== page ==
Wednesday, October 15, 2014

Wayne Kublalsingh’s hunger strike is not about the law and whatever a court may rule; it is not even about the possibility of him losing his life; rather it is about seeking to insert integrity, logic and accountability into the political process and to ensure that meaningful consultation with the population precedes the expenditure of $7.5 billion of the financial resources of T&T.

At a more fundamental level Kublalsingh is seeking to transform the political culture of one-minute democracy practised once every five years during which the government of the day does as it pleases without concern for the views of the citizens, only to become conscious in the last six months of re-election as a means of retaining the keys to the Treasury. 

Here is a short history of this matter. Kublalsingh engages a hunger strike in November 2012 to protest the destruction of communities, serious environmental damage to a wetlands and the over-expenditure of hundreds of millions of dollars with the ever-present possibility of government officials receiving kickbacks because of the award of a $7.5 billion contract without a competitive bidding process.

After 21 days and mounting fears of the political backlash if Kublalsingh were to die outside her office, Prime Minister Kamla Persad-Bissessar relents. At the core of the concession is the Prime Minister’s agreement to establish a review committee and to have Government pay for the independent technical study on the portion of the highway under protest and to abide by the findings of the committee.

But when faced with the reality of the committee reporting that the decision to pass the highway through the community and wetlands in question was not founded on thorough research and contemplation and such considerations should now be assessed through social, environmental and economic impact surveys, PM Persad-Bissessar reverses herself not merely to Kublalsingh and the Highway Re-Route Movement, but to the national community.

The PM’s subsequent denial that she agreed to abide by the committee’s findings and recommendations provokes the question, then why did she establish and pay for the study? During that first hunger strike by Dr Kublalsingh, when I thought he had made his point and needed to end it and save himself for other causes, I wrote to that effect.

I did not then contemplate the larger picture, which is that Kublalsingh was indeed fighting many other battles to come and seeking to set the society on the path of taking control of its resources and determining how it should be governed through this one heroic battle.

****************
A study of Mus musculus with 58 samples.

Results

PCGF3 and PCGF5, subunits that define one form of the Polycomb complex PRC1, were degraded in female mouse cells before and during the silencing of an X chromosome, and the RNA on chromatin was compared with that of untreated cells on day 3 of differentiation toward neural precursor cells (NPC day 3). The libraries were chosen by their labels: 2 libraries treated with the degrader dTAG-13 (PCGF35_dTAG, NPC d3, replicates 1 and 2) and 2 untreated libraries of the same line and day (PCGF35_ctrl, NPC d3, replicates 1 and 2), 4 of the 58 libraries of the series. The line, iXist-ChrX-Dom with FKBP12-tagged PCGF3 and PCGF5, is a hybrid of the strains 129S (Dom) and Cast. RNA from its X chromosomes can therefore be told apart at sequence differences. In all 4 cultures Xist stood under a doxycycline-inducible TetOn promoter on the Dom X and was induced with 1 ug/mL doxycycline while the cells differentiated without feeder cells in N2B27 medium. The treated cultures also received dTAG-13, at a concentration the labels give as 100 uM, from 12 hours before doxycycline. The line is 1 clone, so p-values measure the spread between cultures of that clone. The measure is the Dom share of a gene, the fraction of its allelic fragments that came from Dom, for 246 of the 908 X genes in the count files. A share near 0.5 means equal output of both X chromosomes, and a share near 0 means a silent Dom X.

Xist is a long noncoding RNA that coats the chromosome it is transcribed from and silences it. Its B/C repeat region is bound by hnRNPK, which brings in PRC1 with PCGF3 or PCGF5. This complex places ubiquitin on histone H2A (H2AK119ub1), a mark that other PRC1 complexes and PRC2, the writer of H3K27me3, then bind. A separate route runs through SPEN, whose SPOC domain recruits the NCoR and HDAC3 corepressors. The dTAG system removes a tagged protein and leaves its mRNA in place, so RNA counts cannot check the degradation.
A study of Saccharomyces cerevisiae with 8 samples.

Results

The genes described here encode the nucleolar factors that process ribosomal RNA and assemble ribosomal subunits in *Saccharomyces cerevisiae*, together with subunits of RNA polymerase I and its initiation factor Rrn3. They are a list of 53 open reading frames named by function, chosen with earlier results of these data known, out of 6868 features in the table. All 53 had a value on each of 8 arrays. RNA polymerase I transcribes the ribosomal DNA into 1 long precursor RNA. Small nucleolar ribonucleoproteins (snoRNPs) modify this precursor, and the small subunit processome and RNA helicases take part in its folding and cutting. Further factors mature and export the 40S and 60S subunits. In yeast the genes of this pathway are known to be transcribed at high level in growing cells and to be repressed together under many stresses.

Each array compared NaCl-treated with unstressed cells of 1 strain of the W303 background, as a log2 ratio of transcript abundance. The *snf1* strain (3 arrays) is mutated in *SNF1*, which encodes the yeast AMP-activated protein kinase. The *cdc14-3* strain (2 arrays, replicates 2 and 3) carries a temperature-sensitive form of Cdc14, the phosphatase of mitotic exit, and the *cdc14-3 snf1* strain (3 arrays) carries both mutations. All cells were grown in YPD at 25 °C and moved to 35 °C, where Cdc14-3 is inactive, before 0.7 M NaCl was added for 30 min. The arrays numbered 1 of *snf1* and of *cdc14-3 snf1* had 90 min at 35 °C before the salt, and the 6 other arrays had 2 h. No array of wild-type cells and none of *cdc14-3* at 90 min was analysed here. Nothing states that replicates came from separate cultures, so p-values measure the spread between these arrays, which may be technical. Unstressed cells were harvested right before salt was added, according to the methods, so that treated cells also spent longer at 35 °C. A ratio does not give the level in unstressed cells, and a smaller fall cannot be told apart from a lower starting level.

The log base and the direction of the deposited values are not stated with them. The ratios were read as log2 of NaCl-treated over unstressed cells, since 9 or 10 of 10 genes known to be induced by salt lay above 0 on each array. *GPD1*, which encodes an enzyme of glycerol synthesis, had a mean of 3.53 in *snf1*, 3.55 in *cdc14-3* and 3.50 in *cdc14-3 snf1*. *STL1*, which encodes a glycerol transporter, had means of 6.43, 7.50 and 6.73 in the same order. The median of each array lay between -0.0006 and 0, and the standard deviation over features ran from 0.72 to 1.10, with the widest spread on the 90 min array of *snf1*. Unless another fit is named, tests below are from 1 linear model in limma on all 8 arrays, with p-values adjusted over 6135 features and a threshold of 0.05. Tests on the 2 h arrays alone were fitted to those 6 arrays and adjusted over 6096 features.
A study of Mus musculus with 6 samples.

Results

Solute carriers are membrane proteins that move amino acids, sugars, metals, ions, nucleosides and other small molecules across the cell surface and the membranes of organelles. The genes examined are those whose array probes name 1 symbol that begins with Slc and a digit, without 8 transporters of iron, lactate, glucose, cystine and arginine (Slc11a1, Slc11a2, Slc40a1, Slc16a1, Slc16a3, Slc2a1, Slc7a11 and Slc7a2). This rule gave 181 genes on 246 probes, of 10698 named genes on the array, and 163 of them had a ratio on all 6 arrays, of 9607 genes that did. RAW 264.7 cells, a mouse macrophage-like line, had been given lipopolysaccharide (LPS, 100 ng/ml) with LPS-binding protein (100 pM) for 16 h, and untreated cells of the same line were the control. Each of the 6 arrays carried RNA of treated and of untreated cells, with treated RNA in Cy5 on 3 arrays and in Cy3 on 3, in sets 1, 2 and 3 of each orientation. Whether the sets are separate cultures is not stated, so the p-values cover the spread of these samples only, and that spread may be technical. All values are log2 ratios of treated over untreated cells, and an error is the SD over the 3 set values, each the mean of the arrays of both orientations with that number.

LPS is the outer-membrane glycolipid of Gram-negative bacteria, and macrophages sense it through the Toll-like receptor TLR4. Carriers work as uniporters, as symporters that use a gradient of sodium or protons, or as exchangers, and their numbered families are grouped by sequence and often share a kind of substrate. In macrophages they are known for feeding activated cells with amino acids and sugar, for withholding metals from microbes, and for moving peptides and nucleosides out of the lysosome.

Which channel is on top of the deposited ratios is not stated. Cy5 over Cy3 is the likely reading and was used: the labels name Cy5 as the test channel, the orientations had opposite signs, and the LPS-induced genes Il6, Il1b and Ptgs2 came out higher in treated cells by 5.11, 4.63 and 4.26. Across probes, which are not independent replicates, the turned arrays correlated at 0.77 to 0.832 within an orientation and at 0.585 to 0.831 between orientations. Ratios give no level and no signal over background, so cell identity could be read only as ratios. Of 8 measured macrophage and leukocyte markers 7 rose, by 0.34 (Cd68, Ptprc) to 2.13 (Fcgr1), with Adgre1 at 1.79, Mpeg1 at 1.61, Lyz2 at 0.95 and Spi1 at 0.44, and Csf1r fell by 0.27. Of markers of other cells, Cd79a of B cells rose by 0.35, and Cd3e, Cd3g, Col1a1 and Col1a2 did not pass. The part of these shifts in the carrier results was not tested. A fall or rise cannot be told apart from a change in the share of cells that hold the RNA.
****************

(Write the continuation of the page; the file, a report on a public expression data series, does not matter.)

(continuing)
I do not consider myself a supporter of Dr Kublalsingh in the sense that he has attracted a following; what I agree wholeheartedly with the hunger-striker on is that in contracting such a project, a government cannot do so without the requisite scientific and human studies. And in this respect I lean on the technical competence of the Armstrong Committee and its findings.

“There was no holistic treatment of the project to adequately reflect a convergence of the salient environmental, social and economic issues that arise. It appears that none of the key agencies involved in the project viz, the EMA, the Ministry of Works and Infrastructure (MOWI), Ministry of Finance, Nidco, or any of the consultants sought to provide an integrated assessment of the project, including primarily a CBA. A significant concern with the Debe to Mon Desir Highway is whether or not the lawful authority responsible for this large public expenditure is conforming to due process, including observance of various oversight statutory requirements for environmental management, the development of land, and due consideration of socio-economic impacts on the affected persons.”

For a government to expend the country’s resources of land, of community habitation and social and human development on the basis of crass stupidity and to do so with our complicity is unforgivable of us.   If, notwithstanding the scientific learning of the Armstrong Committee report, the Government insists on proceeding with the Debe to Mon Desir section as planned, then there is a need for the owners (all of us) of the $7.5 billion to find out why.

Is it plain ole idiocy? Are there people in the government and in the ruling party who would receive multi-million-dollar kickbacks by proceeding without the benefit of a review? Ultimately, what Dr Kublalsingh is doing, as masman Peter Minshall has sought to illustrate with his portrayal of the Lord of Light, is seeking to shine that light through this society, which has been living in self-imposed darkness in our post-independence life.

If we inhabited the darkness during the period of colonial authority, we cannot now duck the issue of independent thought and action by all of us. Like the rest of those who care for human life, this columnist would like to see Kublalsingh’s life preserved.
However, I have come to understand that for Dr Kublalsingh, initiating the social, economic and political transformation is more important than living or dying. It is about transforming the political culture; and surely his actions are political in the same manner that the decisions of the Government are political.